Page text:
The Poor Boy’s Game by Dennis Tafoya
If there was any justice in publishing, Dennis Tafoya would be a name everyone would know. With only two books, Dope Thief and The Wolves of Fairmount Park, his ability to convey the hardship and raw emotion of people on the margins has already made him a respected voice in the genre. No punches are pulled in his delivery, and though it’s been a few years, Tafoya’s back in full force with his third novel, The Poor Boy’s Game.
Following Frannie Mullen, a US Marshal, the book begins with a well-crafted buildup to a shootout in downtown Philadelphia. Frannie goes into what appears to be a routine take-down in a sports memorabilia store, but then, things go wrong. And once the shooting starts, Tafoya captures the brutality of every bullet, including the one that takes out Frannie’s partner.
Blamed for the shooting, Frannie resigns from the Marshals and is caught in a dark limbo connected with her past. That past suddenly comes charging back when Frannie’s father, Patrick Mullen, a brutal union enforcer, escapes from federal prison, leaving behind a bloody trail of witnesses. It’s up to Frannie to protect her newly sober sister, Mae, and Patrick’s pregnant girlfriend from her father, putting Frannie between the feds who think she helped him escape and union boss Adolf White, who knows the truth behind Patrick’s rampage.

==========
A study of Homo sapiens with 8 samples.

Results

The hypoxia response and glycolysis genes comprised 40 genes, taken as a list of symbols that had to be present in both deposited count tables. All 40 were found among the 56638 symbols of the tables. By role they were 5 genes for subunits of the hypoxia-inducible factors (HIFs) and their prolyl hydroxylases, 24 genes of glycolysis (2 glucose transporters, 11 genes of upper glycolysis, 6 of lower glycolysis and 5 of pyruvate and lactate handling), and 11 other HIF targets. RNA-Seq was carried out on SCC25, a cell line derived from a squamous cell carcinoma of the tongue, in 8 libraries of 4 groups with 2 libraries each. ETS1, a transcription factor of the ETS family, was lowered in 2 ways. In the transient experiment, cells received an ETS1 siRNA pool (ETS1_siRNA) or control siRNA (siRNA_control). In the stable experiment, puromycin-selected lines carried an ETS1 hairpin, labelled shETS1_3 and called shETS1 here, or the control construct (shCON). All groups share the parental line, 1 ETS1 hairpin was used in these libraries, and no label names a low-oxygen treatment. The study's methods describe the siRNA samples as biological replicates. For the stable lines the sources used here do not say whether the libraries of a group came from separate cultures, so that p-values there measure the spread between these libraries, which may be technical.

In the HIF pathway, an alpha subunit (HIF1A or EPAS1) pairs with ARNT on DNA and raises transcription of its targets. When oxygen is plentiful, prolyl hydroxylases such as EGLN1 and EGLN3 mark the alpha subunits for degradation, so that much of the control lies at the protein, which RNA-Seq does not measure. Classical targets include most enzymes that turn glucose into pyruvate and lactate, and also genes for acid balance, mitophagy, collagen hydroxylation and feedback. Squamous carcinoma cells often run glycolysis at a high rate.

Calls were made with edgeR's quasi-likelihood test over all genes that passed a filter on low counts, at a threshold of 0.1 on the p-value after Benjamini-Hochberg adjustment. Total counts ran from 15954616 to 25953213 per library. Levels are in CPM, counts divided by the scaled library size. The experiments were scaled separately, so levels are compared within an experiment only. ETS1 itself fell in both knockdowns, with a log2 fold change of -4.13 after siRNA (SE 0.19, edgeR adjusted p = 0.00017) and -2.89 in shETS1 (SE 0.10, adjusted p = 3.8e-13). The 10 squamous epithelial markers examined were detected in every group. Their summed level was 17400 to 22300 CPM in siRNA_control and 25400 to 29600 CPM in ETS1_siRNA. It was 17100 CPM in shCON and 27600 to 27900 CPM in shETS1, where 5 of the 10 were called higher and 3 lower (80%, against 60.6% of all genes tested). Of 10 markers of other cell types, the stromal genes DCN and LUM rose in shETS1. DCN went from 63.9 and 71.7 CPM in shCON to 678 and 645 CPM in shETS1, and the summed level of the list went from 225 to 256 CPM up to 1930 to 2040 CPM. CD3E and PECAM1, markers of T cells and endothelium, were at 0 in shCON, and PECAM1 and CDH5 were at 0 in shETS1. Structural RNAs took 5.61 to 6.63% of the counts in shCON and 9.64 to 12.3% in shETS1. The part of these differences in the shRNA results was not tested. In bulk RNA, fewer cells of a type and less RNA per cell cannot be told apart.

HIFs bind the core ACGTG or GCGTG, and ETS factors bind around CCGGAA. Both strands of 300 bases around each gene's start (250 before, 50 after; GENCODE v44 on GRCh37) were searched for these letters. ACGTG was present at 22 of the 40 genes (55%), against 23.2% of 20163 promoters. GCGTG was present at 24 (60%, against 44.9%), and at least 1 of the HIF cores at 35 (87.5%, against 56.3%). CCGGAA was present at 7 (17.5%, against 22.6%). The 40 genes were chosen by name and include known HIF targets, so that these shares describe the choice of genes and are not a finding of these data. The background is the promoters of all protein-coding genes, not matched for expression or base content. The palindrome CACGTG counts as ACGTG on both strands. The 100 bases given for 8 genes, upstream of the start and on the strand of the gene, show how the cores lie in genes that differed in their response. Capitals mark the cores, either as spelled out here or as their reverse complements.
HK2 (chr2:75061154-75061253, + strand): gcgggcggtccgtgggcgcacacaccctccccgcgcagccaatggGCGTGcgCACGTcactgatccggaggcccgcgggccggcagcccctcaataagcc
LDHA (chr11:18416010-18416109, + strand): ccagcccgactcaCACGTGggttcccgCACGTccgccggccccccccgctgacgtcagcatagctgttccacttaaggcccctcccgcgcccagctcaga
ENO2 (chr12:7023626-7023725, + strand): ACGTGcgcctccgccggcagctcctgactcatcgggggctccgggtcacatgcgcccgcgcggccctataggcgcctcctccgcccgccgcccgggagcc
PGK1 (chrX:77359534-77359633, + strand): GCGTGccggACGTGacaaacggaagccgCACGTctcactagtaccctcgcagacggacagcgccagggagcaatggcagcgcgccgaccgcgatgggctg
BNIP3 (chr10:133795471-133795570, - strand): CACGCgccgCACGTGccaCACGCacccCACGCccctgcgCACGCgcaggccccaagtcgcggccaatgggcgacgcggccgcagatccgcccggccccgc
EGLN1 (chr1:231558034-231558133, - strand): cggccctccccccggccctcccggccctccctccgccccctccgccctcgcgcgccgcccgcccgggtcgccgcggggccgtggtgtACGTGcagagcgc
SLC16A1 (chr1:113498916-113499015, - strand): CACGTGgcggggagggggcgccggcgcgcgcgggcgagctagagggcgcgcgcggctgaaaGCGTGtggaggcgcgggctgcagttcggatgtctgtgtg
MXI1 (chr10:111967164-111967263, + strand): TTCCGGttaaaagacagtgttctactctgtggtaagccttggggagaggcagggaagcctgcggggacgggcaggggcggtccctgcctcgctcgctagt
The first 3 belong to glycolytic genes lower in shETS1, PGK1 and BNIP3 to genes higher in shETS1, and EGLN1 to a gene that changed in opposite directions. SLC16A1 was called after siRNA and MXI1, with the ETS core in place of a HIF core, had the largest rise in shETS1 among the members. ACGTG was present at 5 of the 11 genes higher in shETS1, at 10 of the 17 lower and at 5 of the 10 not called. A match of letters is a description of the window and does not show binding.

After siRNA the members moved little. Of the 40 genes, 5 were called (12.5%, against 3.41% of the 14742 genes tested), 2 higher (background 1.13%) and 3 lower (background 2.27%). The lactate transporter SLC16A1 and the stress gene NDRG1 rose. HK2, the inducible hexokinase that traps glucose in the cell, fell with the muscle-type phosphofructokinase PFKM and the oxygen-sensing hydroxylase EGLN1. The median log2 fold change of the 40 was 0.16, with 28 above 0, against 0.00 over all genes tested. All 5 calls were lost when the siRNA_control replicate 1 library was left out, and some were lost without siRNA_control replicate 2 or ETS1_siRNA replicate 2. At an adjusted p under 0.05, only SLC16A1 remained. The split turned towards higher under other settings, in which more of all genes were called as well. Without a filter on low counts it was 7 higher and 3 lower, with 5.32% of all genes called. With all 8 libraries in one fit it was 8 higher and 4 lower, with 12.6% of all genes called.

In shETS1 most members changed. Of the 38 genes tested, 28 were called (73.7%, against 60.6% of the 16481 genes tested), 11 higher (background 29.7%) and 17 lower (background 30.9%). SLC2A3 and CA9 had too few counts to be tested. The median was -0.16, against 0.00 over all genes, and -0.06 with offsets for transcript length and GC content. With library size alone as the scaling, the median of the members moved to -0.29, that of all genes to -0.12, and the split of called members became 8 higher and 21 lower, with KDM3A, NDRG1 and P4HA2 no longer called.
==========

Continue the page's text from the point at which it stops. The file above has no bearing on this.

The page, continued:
While The Poor Boy’s Game has all the trappings of a great hard boiled novel, the story is, essentially, the portrait of a family. Tafoya shows us the cracks and fissures parents can create in the relationships between siblings. He shows how familial love, no matter how broken or twisted, can survive. It is up to the reader to decide whether or not this is good or bad.
The Poor Boy’s Game is Dashiell Hammett slammed into Eugene O’Neill. It puts us in the grimy world of the Mullens, letting us feel every drop of cold sweat. The dialogue is that of a darker Elmore Leonard and can be as harrowing as some of the fight scenes. The Poor Boy’s Game is a crime thriller that shows how a bruised heart still beats. Welcome back to the game, Dennis. It’s good to have you.
Dennis Tafoya leads a free writing workshop here at BookPeople this Thursday, May 1 at 6:30pm. Bring a pen and paper and join us up on the third floor. No registration or RSVP required.